Tom Brady has won the breakup with Bill Belichick ... for now

Tom Brady has officially won his breakup with Bill Belichick. At least for now.

The two called it quits last March after 20 years together. The decision was mostly mutual, but it was really Brady who laid down the “it’s not me, it’s you” (and your lousy wide receivers) speech.

Then he moved to Florida and proved it by going 11-5, throwing 40 touchdown passes and getting Tampa Bay to the NFC championship game Sunday in Green Bay. He even got mutual friend Rob Gronkowski in the split.

Without him, Belichick tried to get something going with an old crush only to limp to a 7-9 season.

In dancing off to another championship game – Brady’s 14th and first without Bill – he is doing the football equivalent of posting sun-splashed photos on social media with his new partner, who happens to own a Mediterranean yacht.

Meanwhile, Belichick is sitting on the couch eating leftovers while watching “The Bachelor.” (“He’s willing to be so vulnerable with her.”) He has no QB in his life he can count on and he knows that no matter how many times he swipes right on Trevor Lawrence, it isn’t happening.

Together they were everything, the greatest match of coach and quarterback the NFL has ever seen. And it came out of nowhere.

Tom Brady will lead the Bucs into the NFC Championship game on Sunday. Bill Belichick will watch at home on the couch. (Photo by James Gilbert/Getty Images)
Tom Brady will lead the Bucs into the NFC championship game on Sunday. Bill Belichick will watch at home on the couch. (Photo by James Gilbert/Getty Images)

On Sept. 23, 2001, when Brady ran onto the field to sub for an injured Drew Bledsoe, there was no clue this would happen. Brady was a gangly backup in his second season — a late-round draft choice with few expectations.

Belichick was a retread head coach (he had a five-year stint in Cleveland) coming off a 5-11 season, his first in Foxborough.

The two could have walked into any Dunkin’ Donuts on the South Shore and gone unnoticed.

Together, though, they were magic. Nine Super Bowl appearances, six Vince Lombardi Trophies, dual track Hall of Fame careers. They partnered to form the greatest winning machine in league history, a relentless churn of accountability and success.

It got so predictable the joke among fans was that the Patriots season didn’t even start until the AFC championship game. They reached 13 of them, including eight consecutive at one point.

Then things grew stale, supporting talent faded and personality quirks that once seemed charming (getting dressed down in film sessions, or how a lack of athleticism made run-pass options impossible) no longer were.

Brady left. Belichick rebooted. All of their friends and family wondered who would fare better – in this case by debating it on national television nearly every single day.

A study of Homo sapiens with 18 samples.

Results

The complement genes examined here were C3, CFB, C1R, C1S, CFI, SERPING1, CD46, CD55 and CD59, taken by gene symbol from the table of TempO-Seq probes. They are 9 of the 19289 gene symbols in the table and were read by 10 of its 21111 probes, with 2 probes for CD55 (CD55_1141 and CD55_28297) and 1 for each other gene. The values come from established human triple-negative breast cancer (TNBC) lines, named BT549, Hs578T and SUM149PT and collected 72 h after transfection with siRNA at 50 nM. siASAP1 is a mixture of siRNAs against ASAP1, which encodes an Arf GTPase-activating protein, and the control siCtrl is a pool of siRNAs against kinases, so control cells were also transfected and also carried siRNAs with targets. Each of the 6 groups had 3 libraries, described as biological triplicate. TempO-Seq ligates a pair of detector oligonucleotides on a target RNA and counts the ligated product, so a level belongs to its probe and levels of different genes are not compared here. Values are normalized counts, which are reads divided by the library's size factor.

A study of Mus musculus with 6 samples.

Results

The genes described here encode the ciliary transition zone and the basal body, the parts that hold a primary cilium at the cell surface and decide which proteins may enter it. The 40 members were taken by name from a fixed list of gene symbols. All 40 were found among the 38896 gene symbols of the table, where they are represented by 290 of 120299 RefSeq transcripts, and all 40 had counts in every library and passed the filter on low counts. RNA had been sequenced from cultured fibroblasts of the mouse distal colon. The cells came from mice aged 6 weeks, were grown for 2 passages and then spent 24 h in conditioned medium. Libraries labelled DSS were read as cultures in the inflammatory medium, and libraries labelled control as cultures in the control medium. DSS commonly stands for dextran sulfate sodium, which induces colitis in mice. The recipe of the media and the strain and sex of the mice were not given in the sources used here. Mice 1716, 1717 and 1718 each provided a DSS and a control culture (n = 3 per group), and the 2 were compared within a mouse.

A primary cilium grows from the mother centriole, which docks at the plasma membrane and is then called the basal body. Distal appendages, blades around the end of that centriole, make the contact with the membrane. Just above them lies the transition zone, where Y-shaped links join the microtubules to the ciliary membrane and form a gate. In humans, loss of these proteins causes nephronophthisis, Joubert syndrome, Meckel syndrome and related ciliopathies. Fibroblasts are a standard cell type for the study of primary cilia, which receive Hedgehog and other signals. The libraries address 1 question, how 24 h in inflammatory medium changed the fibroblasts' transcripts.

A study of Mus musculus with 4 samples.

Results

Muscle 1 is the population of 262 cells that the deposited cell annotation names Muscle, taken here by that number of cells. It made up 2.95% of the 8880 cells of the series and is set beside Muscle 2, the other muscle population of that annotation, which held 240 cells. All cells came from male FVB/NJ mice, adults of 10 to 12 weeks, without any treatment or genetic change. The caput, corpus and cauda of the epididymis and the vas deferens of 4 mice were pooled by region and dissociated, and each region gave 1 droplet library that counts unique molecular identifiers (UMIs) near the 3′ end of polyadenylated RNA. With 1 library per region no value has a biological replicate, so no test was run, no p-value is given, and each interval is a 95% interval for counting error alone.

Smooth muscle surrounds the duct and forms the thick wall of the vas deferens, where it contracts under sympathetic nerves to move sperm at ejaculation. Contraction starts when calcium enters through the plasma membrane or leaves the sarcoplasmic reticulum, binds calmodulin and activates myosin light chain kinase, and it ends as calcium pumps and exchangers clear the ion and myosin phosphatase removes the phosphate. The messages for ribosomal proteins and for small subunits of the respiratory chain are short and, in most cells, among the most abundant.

Kardashians have had quieter breakups.

The verdict wasn’t always obvious this season. Belichick and his new quarterback, Cam Newton, started strong. The Pats won their opener. The Buccaneers lost theirs. Belichick was able to expand the playbook. Brady needed time to get his teammates, and perhaps even his coaches, on the same page.

As New England descended into mediocrity though, Brady and the Bucs got hot, winning their last four regular-season games and now two in the playoffs. It’s clear Brady, at 43, is still good enough to quarterback a team to Super Bowl contention.

So there is no question: As Brady won, Brady won.

It isn’t that clear-cut, of course. It’s not that Belichick can’t win without Brady or that Brady can always win without Belichick. First off, a conference championship game is but the Mendoza line for these two. Win in Wisconsin and then call me.

Besides, this always favored Brady, who had the easier task of just needing to find an underachieving team to join. It was like moving into a new condo downtown. Belichick needed to overhaul nearly an entire roster, like beginning the long-overdue renovation of the aging family home.

Back in Foxborough they won and won and won not because of one or the other, but because they were together. Brady has now silenced whatever few haters were still out there suggesting he was a product of Belichick’s system.

To say Belichick still needs to do that would be foolish. Yes, his regular-season record with Brady as a starter of 219-64 (.774) is far greater than without 61-72 (.459), but it’s not like Brady was the only reason the Patriots won all those years. Not even close.

Besides, if BB had gotten, say, the 2015 version of Cam Newton rather than the 2020, is there much doubt the Patriots would still be playing? Talent matters. And they went 7-9; it’s not like they just morphed into the Jets.

The breakup proved nothing more than each man is great but they were the greatest together.

This is just one season, of course. Brady and Belichick say they’ll be back next season, separate but still playing. Tampa will even visit New England. While the QB can play for only so long, the coach still has time to spare. The final score isn’t set here.

Still, football is a game of winners and losers, and so are football breakups. As Brady runs through practice this week in the Tampa sun and heads to Lambeau for a huge game, the victor thus far is obvious.

Bill will have to watch on TV and say he’s happy for him.